The cause was heart disease, said his brother, Jonathan Aid.
Mr. Aid began delving into military and intelligence matters in his early teens, then became a Russian-language expert in the Air Force before he was court-martialed in the 1980s for possessing classified information and impersonating an officer. He spent a year in a military jail and received a discharge for bad conduct — a fact revealed in 2006 and, in Mr. Aid’s words, “my worst nightmare.”
Close acquaintances said he worked for a time as an NSA analyst and spent at least 15 years as a researcher for global investigative organizations, including Investigative Group International and Kroll. Among other things, he examined records of companies involved in hostile takeovers and looked into emerging businesses in Russia.
By his own admission, however, Mr. Aid’s primary occupation was as an independent scholar who spent most of his time digging through documents at libraries and, especially, at the National Archives in College Park, Md.
“I have no idea how to take a normal vacation,” he told The Washington Post in 2006. “Any spare time I have, I run up to the National Archives to do historical research.”
Mr. Aid was particularly interested in the NSA, the country’s largest intelligence organization, which is based at Fort Meade, Md. He spent years working on a history of the agency, filing hundreds of Freedom of Information Act requests, before publishing his study, “The Secret Sentry,” in 2009.
One of Mr. Aid’s most significant findings, which became publicly known in 2005, was an NSA coverup of erroneous records related to the 1964 Gulf of Tonkin incident, in which U.S. officials alleged that North Vietnamese torpedo boats twice fired on U.S. Navy ships. The incident led to U.S. military engagement in Vietnam.
A report written by an agency historian in 2001 noted that U.S. intelligence officers falsified documents about a disputed attack, but the report was suppressed.
“To keep it classified simply because it might embarrass the agency is wrong,” Mr. Aid told the New York Times in 2005. “Rather than come clean about their mistake, they helped launch the United States into a bloody war that would last for 10 years.”
In 2006, after searching in vain for documents he had previously reviewed, Mr. Aid discovered a previously unknown effort to remove public records from the National Archives. He believed various intelligence agencies, including the CIA and defense intelligence agencies, were attempting to conceal awkward or revealing episodes from public view.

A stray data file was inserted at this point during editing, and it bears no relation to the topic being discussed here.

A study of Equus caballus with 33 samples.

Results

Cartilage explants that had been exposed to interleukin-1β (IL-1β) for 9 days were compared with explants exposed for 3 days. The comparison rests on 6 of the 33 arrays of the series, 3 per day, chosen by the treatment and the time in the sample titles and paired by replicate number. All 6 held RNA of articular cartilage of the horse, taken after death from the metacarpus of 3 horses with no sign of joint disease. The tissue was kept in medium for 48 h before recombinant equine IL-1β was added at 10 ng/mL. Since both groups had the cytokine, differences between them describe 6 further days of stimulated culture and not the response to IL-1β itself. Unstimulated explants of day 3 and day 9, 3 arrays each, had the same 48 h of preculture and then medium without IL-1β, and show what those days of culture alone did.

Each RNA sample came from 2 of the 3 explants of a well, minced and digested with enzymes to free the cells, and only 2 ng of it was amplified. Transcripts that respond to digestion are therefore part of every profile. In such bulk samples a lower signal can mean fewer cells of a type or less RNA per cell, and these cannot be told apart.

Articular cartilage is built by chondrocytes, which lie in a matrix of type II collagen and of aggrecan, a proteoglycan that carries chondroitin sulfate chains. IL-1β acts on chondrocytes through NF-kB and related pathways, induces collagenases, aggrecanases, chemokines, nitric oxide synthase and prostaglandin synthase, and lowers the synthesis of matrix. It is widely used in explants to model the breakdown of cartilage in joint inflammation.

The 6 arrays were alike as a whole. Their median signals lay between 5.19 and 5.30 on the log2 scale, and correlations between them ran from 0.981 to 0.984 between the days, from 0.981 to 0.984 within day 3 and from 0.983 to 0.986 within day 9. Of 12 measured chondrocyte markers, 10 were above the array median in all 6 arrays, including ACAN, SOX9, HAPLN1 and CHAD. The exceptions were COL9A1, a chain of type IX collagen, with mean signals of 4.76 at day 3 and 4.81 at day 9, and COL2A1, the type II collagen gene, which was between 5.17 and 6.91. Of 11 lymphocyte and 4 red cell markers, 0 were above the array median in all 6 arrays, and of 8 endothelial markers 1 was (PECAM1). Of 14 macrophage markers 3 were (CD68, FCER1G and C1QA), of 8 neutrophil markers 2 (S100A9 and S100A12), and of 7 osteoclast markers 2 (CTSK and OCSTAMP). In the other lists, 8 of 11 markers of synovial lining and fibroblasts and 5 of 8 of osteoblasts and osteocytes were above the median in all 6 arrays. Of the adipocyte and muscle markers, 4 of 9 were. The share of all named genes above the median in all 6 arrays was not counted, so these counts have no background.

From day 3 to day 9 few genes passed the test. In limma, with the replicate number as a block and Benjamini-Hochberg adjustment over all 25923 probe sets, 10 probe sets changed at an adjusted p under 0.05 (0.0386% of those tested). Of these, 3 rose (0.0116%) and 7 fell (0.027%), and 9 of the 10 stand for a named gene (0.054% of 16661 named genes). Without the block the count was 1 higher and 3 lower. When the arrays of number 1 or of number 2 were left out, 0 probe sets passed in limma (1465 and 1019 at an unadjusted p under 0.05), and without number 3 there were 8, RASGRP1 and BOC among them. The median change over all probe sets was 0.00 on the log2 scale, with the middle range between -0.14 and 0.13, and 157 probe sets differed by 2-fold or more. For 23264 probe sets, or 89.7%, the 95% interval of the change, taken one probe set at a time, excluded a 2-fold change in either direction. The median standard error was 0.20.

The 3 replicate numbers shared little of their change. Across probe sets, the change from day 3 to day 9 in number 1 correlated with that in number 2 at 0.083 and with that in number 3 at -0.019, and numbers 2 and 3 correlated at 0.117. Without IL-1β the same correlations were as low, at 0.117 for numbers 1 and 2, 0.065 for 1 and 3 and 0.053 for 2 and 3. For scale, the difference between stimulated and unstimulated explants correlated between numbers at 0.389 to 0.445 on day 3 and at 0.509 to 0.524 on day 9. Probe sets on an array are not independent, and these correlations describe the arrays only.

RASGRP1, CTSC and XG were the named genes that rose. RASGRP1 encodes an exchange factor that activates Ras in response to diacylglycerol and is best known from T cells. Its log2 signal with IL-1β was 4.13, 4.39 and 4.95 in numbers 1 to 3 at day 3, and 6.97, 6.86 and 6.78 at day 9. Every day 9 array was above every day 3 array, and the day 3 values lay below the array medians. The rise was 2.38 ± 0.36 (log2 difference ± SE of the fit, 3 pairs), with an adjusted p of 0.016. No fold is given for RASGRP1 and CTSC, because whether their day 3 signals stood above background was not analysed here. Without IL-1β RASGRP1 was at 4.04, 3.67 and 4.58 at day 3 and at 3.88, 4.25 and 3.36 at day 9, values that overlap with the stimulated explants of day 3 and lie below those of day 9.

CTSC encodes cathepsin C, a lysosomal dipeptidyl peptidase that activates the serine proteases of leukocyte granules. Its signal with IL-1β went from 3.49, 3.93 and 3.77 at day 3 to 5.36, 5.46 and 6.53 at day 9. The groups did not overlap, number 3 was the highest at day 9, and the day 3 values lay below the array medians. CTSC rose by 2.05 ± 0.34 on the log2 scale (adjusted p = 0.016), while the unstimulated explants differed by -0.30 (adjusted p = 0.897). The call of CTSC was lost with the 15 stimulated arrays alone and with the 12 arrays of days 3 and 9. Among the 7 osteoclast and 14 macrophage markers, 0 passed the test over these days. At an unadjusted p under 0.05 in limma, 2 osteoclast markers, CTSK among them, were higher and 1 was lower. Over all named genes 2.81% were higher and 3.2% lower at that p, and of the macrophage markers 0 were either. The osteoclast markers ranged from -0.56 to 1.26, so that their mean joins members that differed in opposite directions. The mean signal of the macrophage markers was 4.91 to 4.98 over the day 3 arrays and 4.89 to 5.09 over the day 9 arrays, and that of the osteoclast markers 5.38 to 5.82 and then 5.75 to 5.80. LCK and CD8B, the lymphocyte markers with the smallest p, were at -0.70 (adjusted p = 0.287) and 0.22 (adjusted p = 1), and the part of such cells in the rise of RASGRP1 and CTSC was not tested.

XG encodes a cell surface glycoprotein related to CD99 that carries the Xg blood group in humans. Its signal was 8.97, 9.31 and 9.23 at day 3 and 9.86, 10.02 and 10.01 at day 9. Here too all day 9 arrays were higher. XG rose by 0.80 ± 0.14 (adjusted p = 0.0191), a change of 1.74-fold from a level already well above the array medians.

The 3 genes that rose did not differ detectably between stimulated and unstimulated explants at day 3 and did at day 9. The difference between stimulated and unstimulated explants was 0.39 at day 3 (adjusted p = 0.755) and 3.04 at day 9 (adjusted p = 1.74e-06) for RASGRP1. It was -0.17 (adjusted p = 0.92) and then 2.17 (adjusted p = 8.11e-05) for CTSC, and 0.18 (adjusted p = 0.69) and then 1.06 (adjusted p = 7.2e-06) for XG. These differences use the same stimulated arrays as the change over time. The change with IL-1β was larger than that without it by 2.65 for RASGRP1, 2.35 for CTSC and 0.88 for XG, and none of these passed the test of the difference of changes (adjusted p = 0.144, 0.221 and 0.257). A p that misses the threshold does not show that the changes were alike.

“I like things neat,” Mr. Aid told The Post in 2006. “And when I started getting the runaround from people at the Archives about why this stuff wasn’t available, that’s when I started getting angry . . . They would not give me an explanation. Alarm bells started going off when that happened.”
Archives officials later revealed that more than 25,000 records had been removed and vowed to stop the practice. Many of the newly classified documents were decades old and seemed to be part of an effort to hide U.S. intelligence blunders of the past.
Timothy Naftali, then a University of Virginia history professor, said Mr. Aid had performed “a great service” in exposing the reclassification program.
“His work helps all of us fight against the culture of secrecy in Washington today,” Naftali said. “We don’t have enough watchdogs.”
Matthew Morris Aid was born March 11, 1958, in New York City. His mother was a political activist, and his father was a lawyer for Mobil Oil. The family lived in France and Libya for several years during Mr. Aid’s youth.
When Mr. Aid was 12, his brother said, he would tell his parents in New York that he was going to the library — only the library was at the National Archives. He took the train to Washington, then returned home in time for dinner.
Mr. Aid graduated in 1980 from Beloit College in Wisconsin, where he studied international relations. He joined the Air Force, took Russian language training but was court-martialed when found to be in possession of top-secret information.
“I had the proper clearance for it, so it’s not as if I stole anything,” he told The Post. “Basically, being a workaholic, I took stuff home with me.”
He was also charged with impersonating an officer — an attempt to impress a young woman, he said. He was held in custody for a year before being given a bad-conduct release in 1985.
Survivors include his brother and parents, Harry and Rita Aid, all of Washington.
In 2012, Mr. Aid published “Intel Wars: The Secret History of the Fight Against Terror,” about the role of intelligence agencies in the post-9/11 world. He was writing another book about the NSA at the time of his death.
“Sometimes the services didn’t like what he wrote,” Cees Wiebes, a Dutch intelligence analyst and scholar who worked with Mr. Aid said in an interview. “But they respected him because he was right.”
An earlier version of this story incorrectly reported that Matthew M. Aid was a staff researcher for the 9/11 Commission. The commission’s executive director, Philip D. Zelikow, said Mr. Aid was not a member of the staff.